Targeting Malaysia’s Infectious Diseases through Research and Surveillance

February 1, 2019

Bass Connections Project Team Members
Clockwise from left: team photo; fieldwork; team members working at the hospital (courtesy of Duke Global Health Institute)

Southeast Asia is known as a hotspot for infectious diseases, including respiratory viruses that are transmitted through frequent contact between humans and animals. In the summer of 2018, an ambitious team of Duke students headed to Sarawak, Malaysia, to study emerging viruses and refine surveillance techniques.

In their video for Duke One Health, students reflected on their research experience as well as what they learned and achieved during their Bass Connections project in Malaysia.

To conduct respiratory virus surveillance, the team collected laboratory samples from chicken farms, slaughterhouses and kindergartens around Sibu, a small town in the Sarawak region of Borneo island. The team also worked to increase diagnostic capacity of the local hospital in Kapit, a remote town only accessible only by boat.

“It’s important for us to lay a groundwork for potential future research to take place in this region or even just to know what’s in the air,” David Chen 21 said. “By coming here, we can have a positive impact on the local community as well as foster continued collaboration between Duke University, Sibu Hospital and the Public Health Department.”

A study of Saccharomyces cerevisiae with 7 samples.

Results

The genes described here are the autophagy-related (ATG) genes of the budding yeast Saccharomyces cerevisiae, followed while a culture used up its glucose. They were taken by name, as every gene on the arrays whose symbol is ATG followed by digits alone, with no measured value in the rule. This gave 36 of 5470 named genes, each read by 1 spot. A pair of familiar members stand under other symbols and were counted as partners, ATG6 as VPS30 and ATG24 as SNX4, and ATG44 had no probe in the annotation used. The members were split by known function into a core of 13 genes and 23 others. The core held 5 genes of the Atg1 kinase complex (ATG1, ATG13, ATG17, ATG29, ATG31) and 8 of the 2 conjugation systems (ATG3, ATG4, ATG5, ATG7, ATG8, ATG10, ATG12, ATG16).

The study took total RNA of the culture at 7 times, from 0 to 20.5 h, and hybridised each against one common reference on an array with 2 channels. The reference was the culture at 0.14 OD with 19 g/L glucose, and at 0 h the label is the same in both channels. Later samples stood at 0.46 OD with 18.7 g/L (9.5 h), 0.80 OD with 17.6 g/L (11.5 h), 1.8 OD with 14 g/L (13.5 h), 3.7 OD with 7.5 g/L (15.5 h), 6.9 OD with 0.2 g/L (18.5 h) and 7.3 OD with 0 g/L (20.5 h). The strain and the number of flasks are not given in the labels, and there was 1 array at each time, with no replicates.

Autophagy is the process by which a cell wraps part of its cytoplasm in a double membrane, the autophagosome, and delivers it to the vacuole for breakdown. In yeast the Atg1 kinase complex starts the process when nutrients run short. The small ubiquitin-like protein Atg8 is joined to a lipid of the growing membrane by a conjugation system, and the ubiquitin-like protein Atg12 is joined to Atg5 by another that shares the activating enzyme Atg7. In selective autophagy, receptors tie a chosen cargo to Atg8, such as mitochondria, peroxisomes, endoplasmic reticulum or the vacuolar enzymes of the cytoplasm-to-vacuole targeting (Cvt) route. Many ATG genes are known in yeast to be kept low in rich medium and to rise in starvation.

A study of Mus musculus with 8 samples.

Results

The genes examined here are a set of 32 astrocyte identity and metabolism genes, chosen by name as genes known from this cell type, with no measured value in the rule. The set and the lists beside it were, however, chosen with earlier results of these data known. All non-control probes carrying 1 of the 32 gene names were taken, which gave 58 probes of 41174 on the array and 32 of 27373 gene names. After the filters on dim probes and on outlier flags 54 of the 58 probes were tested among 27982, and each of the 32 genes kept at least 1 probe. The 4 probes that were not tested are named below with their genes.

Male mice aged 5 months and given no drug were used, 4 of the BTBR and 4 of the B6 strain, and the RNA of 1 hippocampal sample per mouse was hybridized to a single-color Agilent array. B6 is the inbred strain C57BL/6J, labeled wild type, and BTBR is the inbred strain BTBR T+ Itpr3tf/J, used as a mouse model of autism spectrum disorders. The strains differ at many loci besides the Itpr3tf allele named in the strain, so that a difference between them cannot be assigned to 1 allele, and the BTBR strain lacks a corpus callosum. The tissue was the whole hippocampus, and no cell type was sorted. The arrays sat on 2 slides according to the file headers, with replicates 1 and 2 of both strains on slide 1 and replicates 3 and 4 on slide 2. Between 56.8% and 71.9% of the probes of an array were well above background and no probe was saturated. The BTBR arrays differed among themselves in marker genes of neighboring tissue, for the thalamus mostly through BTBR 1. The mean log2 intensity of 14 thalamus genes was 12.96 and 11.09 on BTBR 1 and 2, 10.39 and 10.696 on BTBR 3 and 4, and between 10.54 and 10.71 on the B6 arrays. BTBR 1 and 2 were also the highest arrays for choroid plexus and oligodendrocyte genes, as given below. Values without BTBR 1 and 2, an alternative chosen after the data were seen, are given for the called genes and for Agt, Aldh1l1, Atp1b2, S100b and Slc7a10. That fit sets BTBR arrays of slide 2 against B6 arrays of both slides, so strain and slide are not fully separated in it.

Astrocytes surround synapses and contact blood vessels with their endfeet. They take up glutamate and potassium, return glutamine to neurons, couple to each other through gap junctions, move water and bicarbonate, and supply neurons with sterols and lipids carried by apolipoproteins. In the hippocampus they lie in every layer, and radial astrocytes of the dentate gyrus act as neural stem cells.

This project brought together Duke undergraduates, graduate students from the Nicholas School of the Environment, Duke Global Health Institute and School of Medicine and staff members from Kapit and Sibu hospitals. The project team also collaborated with Sibu Hospital Clinical Research Centre, SEGi University and the Sarawak State Health Department.

A diverse team of researchers helped ensure the project’s success. “For me, being able to work collaboratively with a team of undergraduates, graduate students, medical students and the medical staff here at Sibu Hospital has been incredibly useful career-wise,” Gina Kovalik 20 said. “It’s been really helpful to see what people are doing on the global health stage with different degrees and different capabilities.”

Jessica Choi is a master’s student in Global Health whose research with the team will also inform her master’s thesis on melioidosis, an infectious disease endemic to the region. “The purpose of my study is to bring in diagnostic tools that detect the disease easier and faster and more accessible for the laboratorians and physicians,” Choi said. “By [using] these novel tools, the physicians in Kapit will be able to diagnose patients more accurately and the patients will receive the right treatment in a timely manner.”

“I must say that we are enjoying all the collaborations that we [get] with the help of Duke and skillful students who are helping us to do these surveillance studies,” said Teck Hock Toh, director at the Clinical Research Center at Sibu Hospital. “I think it puts all the pieces together so that we can actually collaborate and do something that is useful not just for us, but also for Duke as well as for global clinicians.”